RLSS UK wants more older adults to become RLSS UK qualified lifeguards to help ease the Leisure sector’s ongoing recruitment challenge.

The charity, which works with over 3,000 swimming pools across the UK and Ireland, says almost every pool operator needs help to fill lifeguard posts. Attracting more over-50s into the profession makes business sense; RLSS UK’s latest Lifeguard Survey shows this cohort to be more fulfilled by their work and open to ongoing training and development than their younger colleagues.

“The government wants to encourage more over-50s back into work, and lifeguarding is ideal employment for this age group for a host of reasons. Older workers want work that is meaningful, flexible and offers social interaction. Lifeguarding provides all of this and more,” says Nicola Baldwin, RLSS UK’s Research and Insights Manager.

“Our survey shows that older lifeguards feel really positive about being part of the lifeguarding community and the sense that they are making a difference. They also value the flexibility of the role.”

With one in five people aged 50 to 69 years in the UK acting as informal carers* being able to fit lifeguarding around other commitments is highly attractive for people in this age bracket.

According to survey results published earlier this year, lifeguards aged 50 and over are some of the most fulfilled in the profession and why 80% of them would recommend the job to others.

Almost all older lifeguards (95%) say they feel proud to have completed the RLSS UK’s National Pool Lifeguard Qualification (NPLQ) - the most popular lifeguard qualification in the UK and Ireland – and nearly three quarters (73%) say the qualification had improved their confidence.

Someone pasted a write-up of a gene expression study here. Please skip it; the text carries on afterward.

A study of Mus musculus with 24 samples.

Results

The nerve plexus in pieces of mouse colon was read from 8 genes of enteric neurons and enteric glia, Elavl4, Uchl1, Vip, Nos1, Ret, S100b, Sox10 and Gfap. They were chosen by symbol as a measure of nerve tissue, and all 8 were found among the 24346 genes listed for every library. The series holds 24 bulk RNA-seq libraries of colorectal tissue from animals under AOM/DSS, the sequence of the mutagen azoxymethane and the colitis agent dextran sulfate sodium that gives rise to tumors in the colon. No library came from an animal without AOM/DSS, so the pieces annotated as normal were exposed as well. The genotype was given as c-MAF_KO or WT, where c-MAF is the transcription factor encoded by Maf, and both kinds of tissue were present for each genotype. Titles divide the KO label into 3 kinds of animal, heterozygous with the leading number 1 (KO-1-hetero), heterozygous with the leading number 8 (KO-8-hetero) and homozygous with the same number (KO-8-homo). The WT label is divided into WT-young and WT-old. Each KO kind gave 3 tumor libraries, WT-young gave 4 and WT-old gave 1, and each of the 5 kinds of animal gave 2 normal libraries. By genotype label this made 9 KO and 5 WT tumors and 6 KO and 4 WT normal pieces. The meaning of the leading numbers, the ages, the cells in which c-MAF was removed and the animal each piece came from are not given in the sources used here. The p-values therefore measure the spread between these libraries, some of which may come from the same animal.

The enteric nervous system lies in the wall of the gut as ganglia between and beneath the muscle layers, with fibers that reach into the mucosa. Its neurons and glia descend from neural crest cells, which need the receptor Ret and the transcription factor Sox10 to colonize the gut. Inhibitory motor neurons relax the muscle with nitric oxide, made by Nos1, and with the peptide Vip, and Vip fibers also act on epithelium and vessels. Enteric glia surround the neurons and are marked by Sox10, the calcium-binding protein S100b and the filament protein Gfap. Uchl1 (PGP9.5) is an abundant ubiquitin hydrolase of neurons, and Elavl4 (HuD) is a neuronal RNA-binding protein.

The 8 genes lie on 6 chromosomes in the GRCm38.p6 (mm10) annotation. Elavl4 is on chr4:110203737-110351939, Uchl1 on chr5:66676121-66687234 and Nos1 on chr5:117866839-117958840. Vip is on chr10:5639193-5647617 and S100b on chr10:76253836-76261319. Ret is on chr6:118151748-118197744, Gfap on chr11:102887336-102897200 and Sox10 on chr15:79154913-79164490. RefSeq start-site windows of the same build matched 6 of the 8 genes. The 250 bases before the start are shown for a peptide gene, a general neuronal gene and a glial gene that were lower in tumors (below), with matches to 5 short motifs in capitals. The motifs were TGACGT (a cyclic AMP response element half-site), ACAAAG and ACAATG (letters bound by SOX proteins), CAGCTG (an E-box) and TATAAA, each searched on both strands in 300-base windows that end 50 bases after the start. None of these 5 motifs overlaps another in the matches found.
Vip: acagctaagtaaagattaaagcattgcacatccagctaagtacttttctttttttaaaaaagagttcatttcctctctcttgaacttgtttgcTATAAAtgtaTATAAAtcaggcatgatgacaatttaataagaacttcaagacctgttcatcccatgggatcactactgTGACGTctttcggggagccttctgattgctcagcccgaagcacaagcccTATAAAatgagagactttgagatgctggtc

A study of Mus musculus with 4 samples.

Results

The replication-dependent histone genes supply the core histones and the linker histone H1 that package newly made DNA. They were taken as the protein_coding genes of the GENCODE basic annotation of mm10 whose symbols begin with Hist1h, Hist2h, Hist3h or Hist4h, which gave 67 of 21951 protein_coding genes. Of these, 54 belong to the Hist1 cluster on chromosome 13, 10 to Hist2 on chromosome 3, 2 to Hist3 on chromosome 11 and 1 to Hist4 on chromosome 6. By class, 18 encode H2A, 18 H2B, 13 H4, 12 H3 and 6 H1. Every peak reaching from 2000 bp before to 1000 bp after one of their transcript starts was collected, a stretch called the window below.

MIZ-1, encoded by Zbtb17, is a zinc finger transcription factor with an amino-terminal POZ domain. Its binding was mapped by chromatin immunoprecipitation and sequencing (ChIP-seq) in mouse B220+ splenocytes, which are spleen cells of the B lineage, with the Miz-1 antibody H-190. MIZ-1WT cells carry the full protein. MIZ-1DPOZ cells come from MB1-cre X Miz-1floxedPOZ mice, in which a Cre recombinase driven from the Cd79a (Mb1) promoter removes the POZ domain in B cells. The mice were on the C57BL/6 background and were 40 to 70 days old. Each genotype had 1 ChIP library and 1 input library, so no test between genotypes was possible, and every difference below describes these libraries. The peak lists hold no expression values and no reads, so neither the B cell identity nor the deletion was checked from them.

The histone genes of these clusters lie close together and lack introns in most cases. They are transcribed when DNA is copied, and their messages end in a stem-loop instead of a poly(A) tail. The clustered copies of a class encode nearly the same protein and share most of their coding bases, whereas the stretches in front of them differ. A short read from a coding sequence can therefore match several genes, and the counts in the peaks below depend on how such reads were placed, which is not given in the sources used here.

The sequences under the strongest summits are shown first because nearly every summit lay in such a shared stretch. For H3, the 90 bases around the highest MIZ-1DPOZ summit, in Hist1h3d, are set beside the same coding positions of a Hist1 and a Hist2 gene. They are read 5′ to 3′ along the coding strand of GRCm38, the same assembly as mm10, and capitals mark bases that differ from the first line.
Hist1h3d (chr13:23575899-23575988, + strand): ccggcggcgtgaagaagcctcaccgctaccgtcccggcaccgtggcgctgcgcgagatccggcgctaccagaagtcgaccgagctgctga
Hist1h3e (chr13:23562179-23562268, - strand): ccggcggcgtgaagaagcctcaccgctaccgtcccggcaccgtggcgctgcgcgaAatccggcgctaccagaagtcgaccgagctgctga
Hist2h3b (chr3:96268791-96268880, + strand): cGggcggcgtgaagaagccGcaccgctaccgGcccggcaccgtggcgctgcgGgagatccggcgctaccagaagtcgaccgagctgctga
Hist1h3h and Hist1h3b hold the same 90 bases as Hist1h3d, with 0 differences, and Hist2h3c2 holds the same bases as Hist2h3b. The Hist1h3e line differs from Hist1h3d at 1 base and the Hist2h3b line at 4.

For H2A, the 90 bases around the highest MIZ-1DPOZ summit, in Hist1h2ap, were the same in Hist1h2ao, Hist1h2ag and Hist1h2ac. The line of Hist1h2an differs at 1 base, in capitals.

“It's a great job; flexible, good for developing confidence, meeting new people and being part of a team,” said one older lifeguard.

With so much work available, nine in ten NPLQ holders have worked or volunteered as a lifeguard since completing their qualification.

“I am semi-retired. I lifeguard to keep fit and remain socially active with people of all age groups and backgrounds,” said a 66-year-old lifeguard.

“Because of me, three older friends have become lifeguards. We need older, more responsible people,” said another.

Lifeguarding attracts people from all walks of life, like former long-distance truck driver Stan, who became a lifeguard in his seventies at Grimsby Leisure Centre, and 62-year-old Bernie, who works at Wales National Pool.

“I have found that my life experience has helped me build a rapport with customers, which projects a friendly and professional image for the pool. People sometimes think the job is about rescuing people in trouble. But we as lifeguards rarely have to do that because we are really here to prevent issues in the first place,” says Bernie.

“We’ve got a number of older lifeguards here, and we’re such a diverse bunch which all adds to the fun. We’ve got a former police officer and a former engineer, so your background as a lifeguard doesn’t have to be in swimming. No shift in this job is the same as the last. The flexibility of the role is a big plus point, and knowing that I can make a difference in someone’s life is very rewarding.”

Nicola Baldwin says: “Attracting older people into lifeguarding has clear benefits for operators and workers and could be the key to solving the UK’s lifeguard shortage. We’d like to see more older adults enjoying this wonderful profession's benefits while plugging the skills gaps to ensure our pools stay open.”